Many older flat roofs and low pitched roofs develop damage near the lower eaves. The lower end of a flat roof often forms a small gully from the weight of snow and ice accumulating there as this is the last place for runoff. Cracks in a hot tar roof can lead to leaks in this area. The moisture seeping in will rot roof sheathing, rafter ends and eventually the fascia. Many rowhomes with flatroofs
don’t even have gutters which can often lead to damaged fascia.
After tearing off the roof you’ll need to assess for yourself the amount of damage and repairs that you feel comfortable doing. Take into account the load your roof is bearing especially if it is a hot tar roof.
Steps for repairing rafter ends
Rip off any bad fascia and/or faceboard
The two end rafters will be of utmost importance if there is an overhanging eave that needs replaced.
The two end rafters will help achieve a straight faceboard as they will be the set points for the middle rafters.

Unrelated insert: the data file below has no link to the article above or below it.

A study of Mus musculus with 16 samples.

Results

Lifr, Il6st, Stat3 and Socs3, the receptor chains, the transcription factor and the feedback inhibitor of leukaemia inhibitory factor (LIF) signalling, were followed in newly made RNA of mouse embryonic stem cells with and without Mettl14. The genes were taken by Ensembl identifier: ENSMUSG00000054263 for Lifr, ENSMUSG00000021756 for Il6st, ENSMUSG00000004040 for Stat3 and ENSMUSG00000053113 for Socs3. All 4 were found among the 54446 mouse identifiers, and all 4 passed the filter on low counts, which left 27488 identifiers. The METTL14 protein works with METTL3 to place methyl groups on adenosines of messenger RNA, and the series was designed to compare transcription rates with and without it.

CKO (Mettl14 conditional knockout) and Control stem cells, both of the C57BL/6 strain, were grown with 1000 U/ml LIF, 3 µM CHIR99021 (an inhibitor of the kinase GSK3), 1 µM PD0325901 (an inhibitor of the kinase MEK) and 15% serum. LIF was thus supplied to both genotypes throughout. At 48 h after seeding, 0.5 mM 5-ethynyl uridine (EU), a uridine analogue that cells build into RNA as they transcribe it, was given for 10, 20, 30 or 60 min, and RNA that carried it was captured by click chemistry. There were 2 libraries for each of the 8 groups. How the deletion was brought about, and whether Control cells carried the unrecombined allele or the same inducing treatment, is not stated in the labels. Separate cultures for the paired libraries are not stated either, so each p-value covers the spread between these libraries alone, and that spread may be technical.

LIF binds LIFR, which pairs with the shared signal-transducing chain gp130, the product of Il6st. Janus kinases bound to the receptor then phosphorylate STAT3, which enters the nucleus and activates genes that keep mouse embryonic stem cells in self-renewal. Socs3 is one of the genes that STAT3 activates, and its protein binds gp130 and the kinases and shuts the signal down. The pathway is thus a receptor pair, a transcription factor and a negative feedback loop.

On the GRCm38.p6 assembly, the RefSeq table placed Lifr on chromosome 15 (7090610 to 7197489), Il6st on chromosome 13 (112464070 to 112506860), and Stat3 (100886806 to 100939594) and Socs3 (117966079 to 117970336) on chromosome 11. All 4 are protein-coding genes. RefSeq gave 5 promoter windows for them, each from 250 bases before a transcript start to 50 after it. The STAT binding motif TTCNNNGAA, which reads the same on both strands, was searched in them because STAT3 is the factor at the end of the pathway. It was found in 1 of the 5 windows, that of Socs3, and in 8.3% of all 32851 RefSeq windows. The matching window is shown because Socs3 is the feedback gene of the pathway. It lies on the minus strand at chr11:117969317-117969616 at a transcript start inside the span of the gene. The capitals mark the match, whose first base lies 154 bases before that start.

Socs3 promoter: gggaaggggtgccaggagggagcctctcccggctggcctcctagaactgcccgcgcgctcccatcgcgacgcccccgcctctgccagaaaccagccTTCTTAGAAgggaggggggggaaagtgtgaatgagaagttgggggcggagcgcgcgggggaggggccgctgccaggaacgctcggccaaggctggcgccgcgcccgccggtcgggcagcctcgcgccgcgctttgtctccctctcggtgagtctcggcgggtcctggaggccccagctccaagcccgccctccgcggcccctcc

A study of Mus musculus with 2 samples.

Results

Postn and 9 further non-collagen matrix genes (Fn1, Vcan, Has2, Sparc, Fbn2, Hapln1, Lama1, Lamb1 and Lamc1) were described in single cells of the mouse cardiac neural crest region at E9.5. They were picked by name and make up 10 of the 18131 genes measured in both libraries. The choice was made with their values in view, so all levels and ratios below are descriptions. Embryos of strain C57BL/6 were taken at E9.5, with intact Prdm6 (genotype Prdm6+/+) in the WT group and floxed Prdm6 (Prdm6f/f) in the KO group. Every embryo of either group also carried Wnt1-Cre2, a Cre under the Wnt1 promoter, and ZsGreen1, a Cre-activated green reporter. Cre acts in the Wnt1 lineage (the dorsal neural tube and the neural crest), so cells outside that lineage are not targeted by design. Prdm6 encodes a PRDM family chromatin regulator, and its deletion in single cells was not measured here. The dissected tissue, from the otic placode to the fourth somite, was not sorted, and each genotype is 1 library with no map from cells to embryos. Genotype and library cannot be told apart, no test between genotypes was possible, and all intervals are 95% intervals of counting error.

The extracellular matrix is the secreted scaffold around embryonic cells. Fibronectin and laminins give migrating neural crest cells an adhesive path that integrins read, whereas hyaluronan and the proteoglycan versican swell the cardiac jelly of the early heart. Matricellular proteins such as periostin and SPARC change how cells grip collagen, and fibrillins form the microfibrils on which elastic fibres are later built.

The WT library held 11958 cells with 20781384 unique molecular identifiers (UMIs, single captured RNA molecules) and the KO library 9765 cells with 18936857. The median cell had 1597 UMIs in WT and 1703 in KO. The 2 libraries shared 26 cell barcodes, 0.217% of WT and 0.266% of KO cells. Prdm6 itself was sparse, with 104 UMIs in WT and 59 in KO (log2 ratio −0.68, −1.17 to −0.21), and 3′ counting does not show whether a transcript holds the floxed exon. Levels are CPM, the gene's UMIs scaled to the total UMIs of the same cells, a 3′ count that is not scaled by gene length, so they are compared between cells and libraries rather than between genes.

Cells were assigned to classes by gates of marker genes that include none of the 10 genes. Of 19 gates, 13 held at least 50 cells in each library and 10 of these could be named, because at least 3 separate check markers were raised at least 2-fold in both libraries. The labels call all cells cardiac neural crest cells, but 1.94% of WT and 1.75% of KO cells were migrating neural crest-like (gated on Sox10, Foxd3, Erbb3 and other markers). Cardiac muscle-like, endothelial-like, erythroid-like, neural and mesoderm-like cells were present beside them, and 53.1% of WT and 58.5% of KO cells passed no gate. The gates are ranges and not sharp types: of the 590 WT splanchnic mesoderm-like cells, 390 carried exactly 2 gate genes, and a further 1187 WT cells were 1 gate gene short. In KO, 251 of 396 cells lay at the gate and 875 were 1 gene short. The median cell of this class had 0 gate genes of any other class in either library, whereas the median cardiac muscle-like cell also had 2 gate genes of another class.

Often called scabbing a rafter, you will likely use 2X4 or 2X6 to attach along side your existing rafters. You will need to go far enough back to where the original rafter is solid, good wood plus some.
Using 3-4 inch screws and NOT nails. Nails don’t give as much strength and support to the scabbed rafter.
Attach the first scab to one of the end rafters while zig-zagging your screw pattern for more stability. Screw into the softer wood also as any added support further down the scab is beneficial.
Repeat Step 4 with the other end rafter.
Tack a straight 2 by 4 as a temporary fascia or run a string from the rafter ends of the two you just scabbed. This will be the flush end of your roof ensuring a straight
Scab the inner rafters with the ends of your scabs meeting your flush temporary faceboard or string line from Step 6.
Remove the temporary faceboard and cut the final fascia to proper length and nail onto your new rafter ends.
If you are putting plywood back on your roof, it may be best to screw your plywood to the new rafter scabs.